Five verbs make up the foundation of the “Nineteen Nineteen” exhibition, which opened at the Huntington Library last weekend as one of the institution’s first presentations in observance of its centennial year.
In highlighting a century of collecting and exhibiting artwork, preserving and researching texts and cultivating and sharing plants and trees, the Huntington compiled a dynamic show of artifacts that are in some way connected to the pivotal year 1919 — when Henry and Arabella Huntington signed the legal documents creating the institution. The collected items are displayed according to one-word themes: “Fight,” “Return,” “Map,” “Move” and “Build.”
“A lot’s happening in 1919, so we thought verbs were the way to go,” explained James Glisson, a “Nineteen Nineteen” co-curator, at a special press preview on Friday.
The “Fight” portion of the exhibition showcases an obvious 1919 milestone — the signing of the Treaty of Versailles, which ended World War I — but includes references to other sorts of conflicts, including the American women’s suffrage movement, fallout from the global influenza pandemic and the Red Summer, the grisly American season that saw more than 200 killed in riots and lynchings targeting black Americans.
In “Return,” visitors will find literary and musical accounts of World War I — the Great War, as it was called — created by those who, well, returned from it. These artifacts include contributions by the more than 200,000 black soldiers who fought for and returned to an America that had yet to grant them full civil rights.
“Map” highlights the litany of changes spawned by the end of the war, most obviously in the way the Treaty of Versailles redrew European boundaries and also the relatively arbitrary manner in which the Sykes-Picot Agreement carved the Ottoman Empire into colonial states. You’ll also find a variety of maps and charts concerning the development of Southern California and the original photographs of the moon and constellations from the Mt. Wilson Observatory.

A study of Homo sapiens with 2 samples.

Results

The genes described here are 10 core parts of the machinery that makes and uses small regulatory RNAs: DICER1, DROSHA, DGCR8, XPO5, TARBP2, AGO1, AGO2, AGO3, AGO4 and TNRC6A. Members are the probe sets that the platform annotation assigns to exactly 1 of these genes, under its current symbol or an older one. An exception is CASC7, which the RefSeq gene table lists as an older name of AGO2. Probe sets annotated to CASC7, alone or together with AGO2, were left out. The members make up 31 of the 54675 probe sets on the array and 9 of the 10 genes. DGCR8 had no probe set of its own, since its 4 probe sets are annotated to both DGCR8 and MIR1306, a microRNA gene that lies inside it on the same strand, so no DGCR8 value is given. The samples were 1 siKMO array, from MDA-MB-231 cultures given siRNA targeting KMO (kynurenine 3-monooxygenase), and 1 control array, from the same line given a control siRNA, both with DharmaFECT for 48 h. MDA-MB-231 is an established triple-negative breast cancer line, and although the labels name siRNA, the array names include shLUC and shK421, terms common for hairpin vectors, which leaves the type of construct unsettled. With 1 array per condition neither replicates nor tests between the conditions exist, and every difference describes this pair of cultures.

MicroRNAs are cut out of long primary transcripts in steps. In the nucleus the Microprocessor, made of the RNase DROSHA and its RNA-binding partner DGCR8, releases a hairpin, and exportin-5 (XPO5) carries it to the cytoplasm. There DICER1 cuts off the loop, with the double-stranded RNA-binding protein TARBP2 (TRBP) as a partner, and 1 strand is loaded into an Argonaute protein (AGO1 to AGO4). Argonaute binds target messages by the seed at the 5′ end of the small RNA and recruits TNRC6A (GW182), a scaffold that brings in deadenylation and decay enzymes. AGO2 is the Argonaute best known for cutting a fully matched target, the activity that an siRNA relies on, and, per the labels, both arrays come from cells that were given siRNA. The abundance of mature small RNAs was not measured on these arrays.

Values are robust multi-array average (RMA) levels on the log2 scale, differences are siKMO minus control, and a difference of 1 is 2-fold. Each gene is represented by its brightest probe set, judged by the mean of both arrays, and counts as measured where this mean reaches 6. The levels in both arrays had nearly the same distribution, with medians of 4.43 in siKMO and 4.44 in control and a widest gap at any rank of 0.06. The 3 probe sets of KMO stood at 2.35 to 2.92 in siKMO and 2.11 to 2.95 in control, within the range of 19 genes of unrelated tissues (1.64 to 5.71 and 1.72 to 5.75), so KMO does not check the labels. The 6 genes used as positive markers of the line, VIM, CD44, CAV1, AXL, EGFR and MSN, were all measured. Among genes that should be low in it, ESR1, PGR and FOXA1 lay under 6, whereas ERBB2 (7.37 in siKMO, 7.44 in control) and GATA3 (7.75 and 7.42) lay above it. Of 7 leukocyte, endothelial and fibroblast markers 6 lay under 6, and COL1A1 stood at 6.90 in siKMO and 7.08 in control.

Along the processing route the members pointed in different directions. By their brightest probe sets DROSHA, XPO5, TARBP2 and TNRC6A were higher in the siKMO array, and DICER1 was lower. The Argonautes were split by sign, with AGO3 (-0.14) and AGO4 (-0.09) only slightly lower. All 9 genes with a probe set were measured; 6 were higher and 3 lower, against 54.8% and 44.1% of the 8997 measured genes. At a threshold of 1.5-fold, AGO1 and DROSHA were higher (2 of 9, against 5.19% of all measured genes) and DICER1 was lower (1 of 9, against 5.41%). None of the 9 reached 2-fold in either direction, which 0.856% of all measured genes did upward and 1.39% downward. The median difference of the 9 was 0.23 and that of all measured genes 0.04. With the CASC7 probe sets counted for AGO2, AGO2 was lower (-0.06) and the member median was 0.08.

In a way, “Move” picks up where “Map” ends. As an obvious nod to Henry Huntington’s own Pacific Electric Railway, “Move” includes a 39-foot-long, one-of-a-kind map detailing the real estate holdings and transportation lines spanning downtown Los Angeles and Pasadena.
“Build,” the final section, more specifically chronicles the dawn of the library, including a number of historical texts — such as the original manuscript of Benjamin Franklin’s autobiography — along with the charts used by William Hertrich as he landscaped the Huntington’s famed botanical gardens.
Co-curator Jennifer Watts said she and Glisson strove to include artifacts from the library, art museum and gardens in illustrating “Nineteen Nineteen.”
“They’re all three very strong collecting entities and we wanted that represented in the exhibition,” Watts said. “Huntington was, as you know, an aggressive collector. He built an amazing collection in 20 years with his voracious collecting and wealth. Most of the things you’ll see, with exceptions, have been purchased and acquired after Huntington’s time, because we are a very robust research institution. There will be things you see in the gallery that we’ve acquired in the last year, as part of our research agenda.”
Glisson added that, in designing this exhibition, he and Watts made an effort to spotlight artistic, literary and developmental achievements by minority Americans, an effort made easy given the plethora of social activity occurring around 1919.
“The Huntington right now is really interested in looking outward and being open, inclusive and part of what is, I think, this massive national recognition of the need to open up all cultural institutions everywhere to diversify in a big way,” he said.